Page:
TALLAHASSEE, Fla. (WTXL) — Nearly nine out of ten law enforcement agencies in the United States are currently under-staffed. That's according to the National Police Foundation. Those challenges are now impacting departments in the Big Bend.
The Tallahassee Police Department is putting more effort into recruitment.
The National Police Foundation reports 86% of law enforcement agencies nationwide are experiencing a shortage. Tallahassee Police Chief Lawrence Revell says TPD isn't seeing the labor shortage to the degree that other agencies are, but there's always a need for more recruitment.
"Where recruiting is down across the country and we're definitely having a harder time with recruiting, we're still doing very well," said Chief Revell.
Tallahassee Police Chief Lawrence Revell says when it comes to being competitive, the capital city has an advantage.
"Even starting pay, we're very competitive and people move very quickly through that,"
TPD's annual salary range is $47,944.00 - $85,421.93. On June 2nd, city commissioners approved a new three-year-contract negotiation. The estimated cost will run the city an $2.6 million. The contract comes with a two percent pay increase in 2022 and 2023 for all members of the police union. It also includes parental leave benefits of 240 hours a year.
Chief Revell says the recently approved contract between the city and the police union will make TPD even more competitive.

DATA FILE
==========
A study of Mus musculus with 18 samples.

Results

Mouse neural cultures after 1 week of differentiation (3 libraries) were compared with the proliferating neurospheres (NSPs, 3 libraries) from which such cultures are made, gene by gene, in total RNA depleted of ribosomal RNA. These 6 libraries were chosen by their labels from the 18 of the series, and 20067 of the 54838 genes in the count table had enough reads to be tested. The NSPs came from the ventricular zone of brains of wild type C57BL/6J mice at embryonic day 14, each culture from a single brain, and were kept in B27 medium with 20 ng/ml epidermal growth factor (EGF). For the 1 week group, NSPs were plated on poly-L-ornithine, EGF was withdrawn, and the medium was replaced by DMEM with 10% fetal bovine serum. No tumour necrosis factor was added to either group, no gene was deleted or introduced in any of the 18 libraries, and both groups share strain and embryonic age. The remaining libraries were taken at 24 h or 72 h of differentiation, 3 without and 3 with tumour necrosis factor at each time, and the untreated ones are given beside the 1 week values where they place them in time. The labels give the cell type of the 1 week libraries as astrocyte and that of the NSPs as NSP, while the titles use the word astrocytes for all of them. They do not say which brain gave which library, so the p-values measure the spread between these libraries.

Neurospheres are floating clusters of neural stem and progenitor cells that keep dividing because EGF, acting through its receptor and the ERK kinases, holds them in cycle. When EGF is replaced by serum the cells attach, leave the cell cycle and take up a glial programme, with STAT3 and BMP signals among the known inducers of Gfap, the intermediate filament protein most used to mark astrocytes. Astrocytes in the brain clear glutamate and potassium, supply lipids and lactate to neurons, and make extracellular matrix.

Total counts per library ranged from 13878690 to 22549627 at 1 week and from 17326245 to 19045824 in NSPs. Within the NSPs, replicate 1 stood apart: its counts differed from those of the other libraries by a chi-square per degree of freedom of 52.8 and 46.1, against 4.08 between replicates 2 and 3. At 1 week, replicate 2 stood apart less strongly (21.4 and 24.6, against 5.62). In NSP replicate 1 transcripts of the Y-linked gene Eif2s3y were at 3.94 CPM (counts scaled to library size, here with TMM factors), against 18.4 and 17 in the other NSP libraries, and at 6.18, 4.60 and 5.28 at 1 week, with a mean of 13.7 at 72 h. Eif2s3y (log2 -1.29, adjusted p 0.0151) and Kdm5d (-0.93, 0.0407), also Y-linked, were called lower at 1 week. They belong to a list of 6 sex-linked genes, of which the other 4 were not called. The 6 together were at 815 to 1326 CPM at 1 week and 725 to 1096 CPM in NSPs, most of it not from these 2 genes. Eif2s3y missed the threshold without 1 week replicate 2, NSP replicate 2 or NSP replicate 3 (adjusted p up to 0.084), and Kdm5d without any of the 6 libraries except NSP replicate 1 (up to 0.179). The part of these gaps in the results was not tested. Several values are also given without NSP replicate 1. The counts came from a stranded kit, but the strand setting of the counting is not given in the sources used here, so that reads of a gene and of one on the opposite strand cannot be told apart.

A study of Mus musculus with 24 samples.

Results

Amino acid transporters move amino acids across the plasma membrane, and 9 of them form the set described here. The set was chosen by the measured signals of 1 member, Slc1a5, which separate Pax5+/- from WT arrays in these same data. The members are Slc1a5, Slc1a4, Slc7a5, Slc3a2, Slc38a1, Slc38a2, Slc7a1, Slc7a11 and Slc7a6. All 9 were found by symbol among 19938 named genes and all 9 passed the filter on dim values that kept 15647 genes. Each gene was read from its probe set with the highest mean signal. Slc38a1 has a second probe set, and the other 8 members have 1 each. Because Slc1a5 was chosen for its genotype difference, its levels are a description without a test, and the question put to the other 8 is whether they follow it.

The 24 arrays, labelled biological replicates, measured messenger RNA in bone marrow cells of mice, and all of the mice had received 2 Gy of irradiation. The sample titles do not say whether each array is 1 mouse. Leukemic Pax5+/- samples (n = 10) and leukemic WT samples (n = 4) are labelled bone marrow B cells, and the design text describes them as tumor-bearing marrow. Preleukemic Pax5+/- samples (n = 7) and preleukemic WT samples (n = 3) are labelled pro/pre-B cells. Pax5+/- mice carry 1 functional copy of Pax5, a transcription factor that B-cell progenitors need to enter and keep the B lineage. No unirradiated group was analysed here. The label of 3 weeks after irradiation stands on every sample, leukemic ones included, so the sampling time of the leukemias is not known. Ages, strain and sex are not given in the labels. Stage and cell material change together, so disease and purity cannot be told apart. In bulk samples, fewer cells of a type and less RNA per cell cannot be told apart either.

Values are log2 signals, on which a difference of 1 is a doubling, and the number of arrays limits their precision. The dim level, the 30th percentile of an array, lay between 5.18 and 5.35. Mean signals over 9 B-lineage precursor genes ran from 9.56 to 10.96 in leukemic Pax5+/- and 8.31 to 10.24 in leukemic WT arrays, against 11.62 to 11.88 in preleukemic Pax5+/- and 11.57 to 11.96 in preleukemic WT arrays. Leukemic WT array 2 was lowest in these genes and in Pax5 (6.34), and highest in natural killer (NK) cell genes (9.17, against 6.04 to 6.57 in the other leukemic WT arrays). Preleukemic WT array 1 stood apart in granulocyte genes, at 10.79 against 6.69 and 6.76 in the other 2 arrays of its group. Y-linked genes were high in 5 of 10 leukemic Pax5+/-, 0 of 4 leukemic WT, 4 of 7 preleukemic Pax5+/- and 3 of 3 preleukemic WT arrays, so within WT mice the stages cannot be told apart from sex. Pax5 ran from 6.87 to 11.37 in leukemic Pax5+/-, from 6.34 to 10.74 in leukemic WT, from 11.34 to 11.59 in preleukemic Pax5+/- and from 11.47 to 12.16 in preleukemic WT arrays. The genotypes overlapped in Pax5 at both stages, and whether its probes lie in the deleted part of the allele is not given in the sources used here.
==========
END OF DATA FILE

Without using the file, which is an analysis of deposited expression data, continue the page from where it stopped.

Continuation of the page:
"The commission and the city mangers have just been tremendously supportive. They've given us a quarter million dollars for recruiting, our billboards are going up," he said.
Chief Revell says their focus is on making sure they get an agency that accurately reflects the communities they will serve. Recruitment efforts are especially present at Florida A & M University.
"The Tallahassee Police Department is a very diverse agency, in fact we're nationally known for that. We want to continue that and get better. We seek out all of the minority groups to make sure we're representing Tallahassee so that our department looks like our community," said the Chief.
He says he wants to see more people calling for change at TPD to join TPD.
“You can sit out there all day and say you want to see change but come be a part of that change. It not only helps the community be representative, which we want to do. It also helps our officers here learn that diversity even more.”
Meanwhile, the Wakulla County Sheriff's Office is lobbying for better pay.
"For many years now, predating sheriff Miller and several administration's, the pay disparity between the local county sheriff's office and other surrounding agencies has been a bit of an issue, " said Wakulla County Sheriff's Lt. Jeffrey Yarbrough.
That issue has led to a problem keeping people in the county.
"For many years, we've had a high turnover rate. One of the things Sheriff Miller is looking to rectify is to get a percentage increase in pay so we can retain employees and not have such a high turnover rate," said Lt. Yarbrough.
Sheriff Miller is currently negotiating with the county over higher pay for his team.
Wakulla County Sheriff's Office base pay is $31,000. Data from the Florida Department of Law Enforcement shows it as the 6th lowest base pay in the state. Larger counties like Leon County start at $43,000.
"We have a lot of support from the County Commissioners. They're all working their best to try to make this happen. It's not an adversarial relationship at all between the Sheriff's Office Chair and the County Commissioners," said Lt. Yarbrough.